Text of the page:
Beto O’Rourke raised more than $2 million from his home state of Texas in the opening weeks of his presidential campaign, easily outpacing his 2020 Democratic rivals.
Another Texan, Julian Castro, placed a distant second in the state’s money race, collecting more than $400,000, according to an analysis of newly filed campaign finance reports.
Texas donors accounted for more than half of the high-dollar donations brought in by O’Rourke, a former El Paso congressman, and Castro, a former San Antonio mayor, during the first fundraising quarter of the election cycle.
O’Rourke, who launched his White House campaign in mid-March, is considered by Democrats to be a top-tier candidate, while Castro has struggled to break through since entering the race in January.
Amber Mostyn, a major Democratic donor from Houston, said she isn’t throwing her support behind just one candidate at this point. She said she has only donated to Castro so far to help him meet the fundraising threshold to qualify for the first Democratic debate in June.
“I want to see Castro on the debate stage,” Mostyn said. “I’m pretty happy with the field. Everyone is bringing something unique to the race.”
After the home-state favorites, California Sen. Kamala Harris raised the most from Texas donors at $190,000. She was followed by New York Sen. Kirsten Gillibrand at $130,000, Minnesota Sen. Amy Klobuchar at $108,000 and Vermont Sen. Bernie Sanders at $102,000. No other candidate crossed the $100,000 threshold in the state.
The Texas totals are likely higher for all the candidates, as campaigns are not required to publicly disclose donors who give less than $200. All told, 84 percent of Sanders’ money came from those small donors, compared to 59 percent for O’Rourke and 37 percent for Harris.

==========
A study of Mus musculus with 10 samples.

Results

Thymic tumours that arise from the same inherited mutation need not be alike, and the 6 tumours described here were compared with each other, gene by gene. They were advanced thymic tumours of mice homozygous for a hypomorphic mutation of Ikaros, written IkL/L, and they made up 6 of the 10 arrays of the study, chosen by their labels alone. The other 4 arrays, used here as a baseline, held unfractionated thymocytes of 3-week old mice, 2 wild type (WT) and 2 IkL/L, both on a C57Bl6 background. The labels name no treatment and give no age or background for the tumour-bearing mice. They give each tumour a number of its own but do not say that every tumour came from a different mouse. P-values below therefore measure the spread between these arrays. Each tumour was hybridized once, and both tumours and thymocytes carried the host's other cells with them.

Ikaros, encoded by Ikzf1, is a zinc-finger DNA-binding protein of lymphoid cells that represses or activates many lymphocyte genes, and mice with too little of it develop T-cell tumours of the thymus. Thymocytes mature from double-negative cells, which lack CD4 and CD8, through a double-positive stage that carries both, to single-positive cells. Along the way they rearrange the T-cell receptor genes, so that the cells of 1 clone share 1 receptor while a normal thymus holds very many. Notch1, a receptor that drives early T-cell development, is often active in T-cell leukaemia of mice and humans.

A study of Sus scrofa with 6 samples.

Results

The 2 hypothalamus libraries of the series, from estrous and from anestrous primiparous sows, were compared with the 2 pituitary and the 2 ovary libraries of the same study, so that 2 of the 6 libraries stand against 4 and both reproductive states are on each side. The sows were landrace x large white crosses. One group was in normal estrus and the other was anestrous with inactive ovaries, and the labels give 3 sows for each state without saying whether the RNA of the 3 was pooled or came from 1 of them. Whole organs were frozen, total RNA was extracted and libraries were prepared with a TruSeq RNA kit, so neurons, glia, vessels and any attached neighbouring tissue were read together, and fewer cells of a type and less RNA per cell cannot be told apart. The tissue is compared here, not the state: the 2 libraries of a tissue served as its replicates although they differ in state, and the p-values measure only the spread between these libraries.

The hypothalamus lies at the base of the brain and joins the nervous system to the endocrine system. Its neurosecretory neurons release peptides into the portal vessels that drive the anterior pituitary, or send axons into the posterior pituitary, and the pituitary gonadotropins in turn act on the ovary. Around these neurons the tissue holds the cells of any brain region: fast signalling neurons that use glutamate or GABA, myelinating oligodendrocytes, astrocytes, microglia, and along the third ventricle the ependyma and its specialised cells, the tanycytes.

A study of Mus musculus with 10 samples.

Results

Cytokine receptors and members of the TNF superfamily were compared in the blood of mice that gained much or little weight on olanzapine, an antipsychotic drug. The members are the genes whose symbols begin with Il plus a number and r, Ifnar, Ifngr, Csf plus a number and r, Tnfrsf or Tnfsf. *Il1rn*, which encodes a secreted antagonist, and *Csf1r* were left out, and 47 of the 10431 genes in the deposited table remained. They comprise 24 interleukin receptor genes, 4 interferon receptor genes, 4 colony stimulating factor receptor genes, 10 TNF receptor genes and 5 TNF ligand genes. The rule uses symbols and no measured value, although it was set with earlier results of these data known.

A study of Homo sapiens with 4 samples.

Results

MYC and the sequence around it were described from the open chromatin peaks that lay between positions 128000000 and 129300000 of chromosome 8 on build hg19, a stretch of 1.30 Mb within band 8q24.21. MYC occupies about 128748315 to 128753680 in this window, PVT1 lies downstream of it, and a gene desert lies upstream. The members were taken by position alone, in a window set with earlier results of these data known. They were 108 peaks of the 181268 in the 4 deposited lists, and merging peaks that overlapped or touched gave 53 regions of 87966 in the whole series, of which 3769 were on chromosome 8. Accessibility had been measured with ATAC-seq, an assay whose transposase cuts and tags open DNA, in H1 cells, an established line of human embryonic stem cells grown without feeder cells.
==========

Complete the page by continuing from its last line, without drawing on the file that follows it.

Nationwide, Sanders raised a total of $18.1 million in the first fundraising quarter of the election cycle, the most of any Democratic candidate.
Texas has always been a popular fundraising destination for politicians. But the Democratic contenders also have eyes on the 228 pledged delegates Texas will offer on Super Tuesday on March 3, the second-most of any state. Harris and Sen. Elizabeth Warren have recently held public campaign events in the state. And Sanders, who lost the 2016 Texas Democratic primary by more than 30 points, is talking to senior staffers in the state about roles on his campaign.
Many major Democratic donors are staying on the sidelines in the early stages of the 2020 race, waiting to see how the crowded field shakes out in the coming months before choosing a candidate. Some are backing multiple contenders at once while others are waiting for former Vice President Joe Biden to launch his campaign.